Buy British for cheap ‘mega trend’ exposure, says Train

Nick Train says UK equities offer cheap exposure to enduring ‘mega trends’ in digital technology and consumer goods.

Unloved UK shares are offering cheap exposure to ‘mega trends’ and providing a volume of opportunities Nick Train says he has ‘barely’ seen before in four decades of investing.

Train, who runs the £6.1bn Lindsell Train UK Equity Income fund, has reassured investors about the direction of the portfolio after a rare period of pandemic underperformance that saw the fund lag its benchmark last year. Over 2021, the fund gained 13%, falling behind the 18% return from the FTSE All-Share, while Train lost his long-held Citywire performance rating.

‘Of course, in early 2022 what matters now is – what’s next?’ he wrote in his latest fund factsheet.

UK equities have long been disregarded by investors, but Train maintains they are an inexpensive way to cash in on what he described as ‘mega trends’ in global markets that ‘will continue into 2022 and beyond’.

‘Of course, there will be corrections to these trends, but no fundamental change of direction,’ said Train, who also runs the £2bn Finsbury Growth & Income (FGT ) investment trust.

‘This means investors should expect to see digital technology creating ever more new wealth around the world, and at an accelerating rate; but in addition to see older industries and business models losing relevance, at an accelerating pace too.’

He added that consumer demand for luxury and aspirational products and experiences will also ‘intensify’.

These global megatrends mean Train ‘can barely remember a time in [his] 40-year career where there have been so many opportunities’ and that is especially the case in the ‘deeply unloved’ UK market.

‘The UK equity market can give exposure to those global megatrends and can do so from valuations that are demonstrably lower than for global peers,’ he said.

‘Note, we are not saying that the whole of the UK equity market is necessarily undervalued – though it may be. Instead, that it is possible to invest in UK companies with credible, long-term growth opportunities, and that the valuations of such companies may have been penalised in recent years by global asset allocators’ disenchantment with all sterling equity assets.’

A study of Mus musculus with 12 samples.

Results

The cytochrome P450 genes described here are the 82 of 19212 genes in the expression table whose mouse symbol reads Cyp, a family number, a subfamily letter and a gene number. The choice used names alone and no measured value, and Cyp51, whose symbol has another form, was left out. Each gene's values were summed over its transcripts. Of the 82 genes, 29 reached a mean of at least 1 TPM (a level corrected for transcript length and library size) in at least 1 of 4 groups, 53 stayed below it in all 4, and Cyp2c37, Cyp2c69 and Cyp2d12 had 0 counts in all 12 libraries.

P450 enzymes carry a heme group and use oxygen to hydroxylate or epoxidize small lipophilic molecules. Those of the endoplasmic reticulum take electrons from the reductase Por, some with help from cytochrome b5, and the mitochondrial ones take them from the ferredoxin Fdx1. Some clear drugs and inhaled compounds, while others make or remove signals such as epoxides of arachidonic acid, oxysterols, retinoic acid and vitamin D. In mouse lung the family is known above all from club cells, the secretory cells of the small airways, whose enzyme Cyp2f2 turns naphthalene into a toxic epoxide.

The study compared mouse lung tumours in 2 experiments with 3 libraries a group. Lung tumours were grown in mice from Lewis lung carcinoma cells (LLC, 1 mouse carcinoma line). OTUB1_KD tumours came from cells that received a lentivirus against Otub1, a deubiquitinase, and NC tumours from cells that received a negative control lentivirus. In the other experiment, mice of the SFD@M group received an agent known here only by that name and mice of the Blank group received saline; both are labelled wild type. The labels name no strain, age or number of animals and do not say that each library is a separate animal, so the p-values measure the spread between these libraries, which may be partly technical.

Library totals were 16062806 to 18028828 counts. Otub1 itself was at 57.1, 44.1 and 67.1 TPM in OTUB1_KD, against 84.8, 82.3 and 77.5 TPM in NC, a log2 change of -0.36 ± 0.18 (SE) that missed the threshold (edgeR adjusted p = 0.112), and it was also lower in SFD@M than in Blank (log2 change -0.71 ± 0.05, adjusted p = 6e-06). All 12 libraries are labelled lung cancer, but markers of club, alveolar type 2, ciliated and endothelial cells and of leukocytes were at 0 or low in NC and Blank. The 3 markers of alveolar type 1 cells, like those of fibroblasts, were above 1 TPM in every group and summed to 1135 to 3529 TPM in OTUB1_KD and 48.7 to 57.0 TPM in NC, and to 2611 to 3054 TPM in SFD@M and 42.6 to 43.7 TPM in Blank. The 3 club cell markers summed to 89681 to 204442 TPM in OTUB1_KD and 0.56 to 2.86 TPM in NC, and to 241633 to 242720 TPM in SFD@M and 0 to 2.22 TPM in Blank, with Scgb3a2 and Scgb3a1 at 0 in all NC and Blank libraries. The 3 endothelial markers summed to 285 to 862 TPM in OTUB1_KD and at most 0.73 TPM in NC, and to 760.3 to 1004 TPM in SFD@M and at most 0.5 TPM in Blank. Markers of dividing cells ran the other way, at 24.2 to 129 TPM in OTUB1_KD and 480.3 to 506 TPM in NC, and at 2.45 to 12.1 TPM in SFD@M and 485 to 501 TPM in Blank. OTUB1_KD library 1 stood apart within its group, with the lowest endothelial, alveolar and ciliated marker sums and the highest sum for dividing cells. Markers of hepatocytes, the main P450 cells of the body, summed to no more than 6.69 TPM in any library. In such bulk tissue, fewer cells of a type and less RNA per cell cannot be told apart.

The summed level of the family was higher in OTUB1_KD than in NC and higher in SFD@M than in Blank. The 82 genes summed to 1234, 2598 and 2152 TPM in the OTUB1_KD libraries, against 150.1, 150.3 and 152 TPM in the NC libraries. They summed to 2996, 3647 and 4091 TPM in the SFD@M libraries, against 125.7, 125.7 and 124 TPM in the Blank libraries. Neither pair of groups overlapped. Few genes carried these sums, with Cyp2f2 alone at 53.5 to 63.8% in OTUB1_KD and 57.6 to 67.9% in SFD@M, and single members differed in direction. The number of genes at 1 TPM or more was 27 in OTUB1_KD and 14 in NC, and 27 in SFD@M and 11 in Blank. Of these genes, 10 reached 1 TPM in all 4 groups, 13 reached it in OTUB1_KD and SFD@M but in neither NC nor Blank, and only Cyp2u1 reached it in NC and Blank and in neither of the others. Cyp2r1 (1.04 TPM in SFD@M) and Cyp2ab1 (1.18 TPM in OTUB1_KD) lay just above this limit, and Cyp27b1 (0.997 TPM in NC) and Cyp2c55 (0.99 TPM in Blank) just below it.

Train added that through 2021 investors began to ‘acknowledge the calibre of some of the UK’s best secular growth companies’, such as drinks company Diageo (DGE) and information and analytics group Relx (RELX), which his funds hold.

Diageo shares rallied 43% over the year, while shares in Relx were up 37%, as the former meets the call for luxury goods and the latter rides the digital technology trend.

The manager also highlighted private wealth manager Rathbones (RAT), whose shares rose 34% last year. Train said the positive backdrop for UK equities will naturally mean ‘it is also attractive to invest in UK wealth management franchises, that can help UK savers take advantage of the wealth being created around the world’, including in the British market.

That hasn’t been quite the case recently for his holdings in Hargreaves Lansdown (HL) and Schroders (SCR), which were down 8% and 10%, respectively, last year.

‘This was disappointing, given the strategic progress and business growth both…were able to report in 2021,’ he said.

‘New customer acquisition at Hargreaves Lansdown remained strong and Schroders was able to announce several strategically consistent and earnings-accretive acquisitions towards the end of the year.’

Train also lost long-time holding Daily Mail and General Trust from the portfolio, after it was taken private at the end of the year. In return, the notoriously reluctant-to-trade manager received an estimated £250m of cash to splash across his funds as well as shares in online car dealership Cazoo, setting up a decision whether to sell the loss-making tech stock when a lock-up period expires.

Train’s upbeat tone was echoed by Michael Lindsell, despite the Lindsell Train co-founder updating investors in the firm’s Global Equity fund on a ‘harrowing’ year. The £7.8bn flagship fund racked up its worst-ever year of relative performance as the fund lagged global markets by more than 20%.

Lindsell said he was considering 2022 with ‘optimism rather than dread’, adding that ‘rarely have the relative values of the companies we own looked so alluring’.

The fund suffered disappointments, such as World Wrestling Entertainment and Juventus football club, but he said there were ‘some bright spots’ in the form of Pepsi and confectionery company Mondelez, both of which grew their market share and enjoyed share price gains.

‘These shafts of light give us encouragement that the contribution to performance in the market might broaden away from its overwhelming focus on technology and cyclicals to the benefit of some of our holdings, thus helping deliver improved absolute and relative performance to our fund investors,’ said Lindsell.

The Lindsell Train UK Equity fund has returned 61.1% over five years, double the 30.2% from the FTSE All-Share. The Global Equity fund is up 87.9% over the same time versus 83.7% for its MSCI World benchmark.